The ESTRO 37 meeting in Barcelona saw Accuray unveil a range of product advancements, including the launch of CTrue IR, an iterative reconstruction algorithm currently available on the Radixact System, which provides image-guided, intensity-modulated radiotherapy.
The Radixact treatment device encompasses integrated 3D volumetric imaging, using low-dose fan-beam CT images for daily set-up and registration. The system also offers Delivery Analysis software that leverages the same integrated detector to perform pre-treatment dose calculations and post-treatment analysis of exit fluence through the patient for every fraction, and generates warnings if any parameters fall outside of clinically acceptable windows.
The new image-guidance software can reconstruct these CT fan-beam scans with enhanced image quality, while maintaining a low imaging dose and the ability to perform live reconstruction as the images are acquired. The main benefit of iterative reconstruction is the much improved signal-to-noise ratio, which in turn increases the soft-tissue contrast.
“Iterative reconstruction reduces the noise by over a factor of two and helps improve image uniformity,” explained Accuray’s Andrea Cox. “It particularly enhances images in the superior-inferior direction, so that the slice transitions are less visible, and improves soft-tissue visibility in all image planes.”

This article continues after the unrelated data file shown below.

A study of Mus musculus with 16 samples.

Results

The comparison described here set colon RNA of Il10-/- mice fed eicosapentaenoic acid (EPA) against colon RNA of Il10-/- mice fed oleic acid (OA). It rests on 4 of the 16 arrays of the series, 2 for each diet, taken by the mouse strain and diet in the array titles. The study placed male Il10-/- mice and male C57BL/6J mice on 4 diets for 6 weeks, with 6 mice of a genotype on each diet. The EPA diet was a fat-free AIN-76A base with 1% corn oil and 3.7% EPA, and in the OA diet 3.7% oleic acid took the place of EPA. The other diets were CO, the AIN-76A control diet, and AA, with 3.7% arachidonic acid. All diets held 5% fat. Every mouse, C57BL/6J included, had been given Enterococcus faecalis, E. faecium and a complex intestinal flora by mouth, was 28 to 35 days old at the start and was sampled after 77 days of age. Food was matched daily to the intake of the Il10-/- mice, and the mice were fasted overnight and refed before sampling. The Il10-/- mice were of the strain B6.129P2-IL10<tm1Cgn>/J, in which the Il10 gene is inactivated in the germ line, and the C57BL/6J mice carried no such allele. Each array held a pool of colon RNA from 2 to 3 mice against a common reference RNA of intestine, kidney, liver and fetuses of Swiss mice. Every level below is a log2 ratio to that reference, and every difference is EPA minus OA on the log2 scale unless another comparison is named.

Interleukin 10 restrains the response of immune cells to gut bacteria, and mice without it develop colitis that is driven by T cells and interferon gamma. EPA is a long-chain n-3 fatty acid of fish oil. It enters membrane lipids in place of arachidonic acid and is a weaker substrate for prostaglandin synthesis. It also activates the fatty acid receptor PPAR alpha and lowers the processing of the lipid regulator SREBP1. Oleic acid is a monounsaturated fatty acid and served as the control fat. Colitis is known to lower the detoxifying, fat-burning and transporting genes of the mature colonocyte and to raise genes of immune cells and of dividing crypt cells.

The CTrue IR software is now installed at three customer sites, one in Europe and two in the US, with the first clinical images recorded just a couple of weeks ago. Cox described one of the first clinical test cases that used the new software release – an obese patient with a hip prosthesis.
Such a case could result in a sub-optimal CT scan, due to photon starvation artefacts (which occur due to photon attenuation through obese patients) and metal artefacts arising from the prosthesis. Using the CTrue imaging system with the new iterative reconstruction capability, the image exhibited excellent uniformity, with no problem with artefacts.
“The first customer to use this software found much improved image uniformity,” said Cox. “The therapists are more confident now in the positioning of the patient, they’re really happy with it.”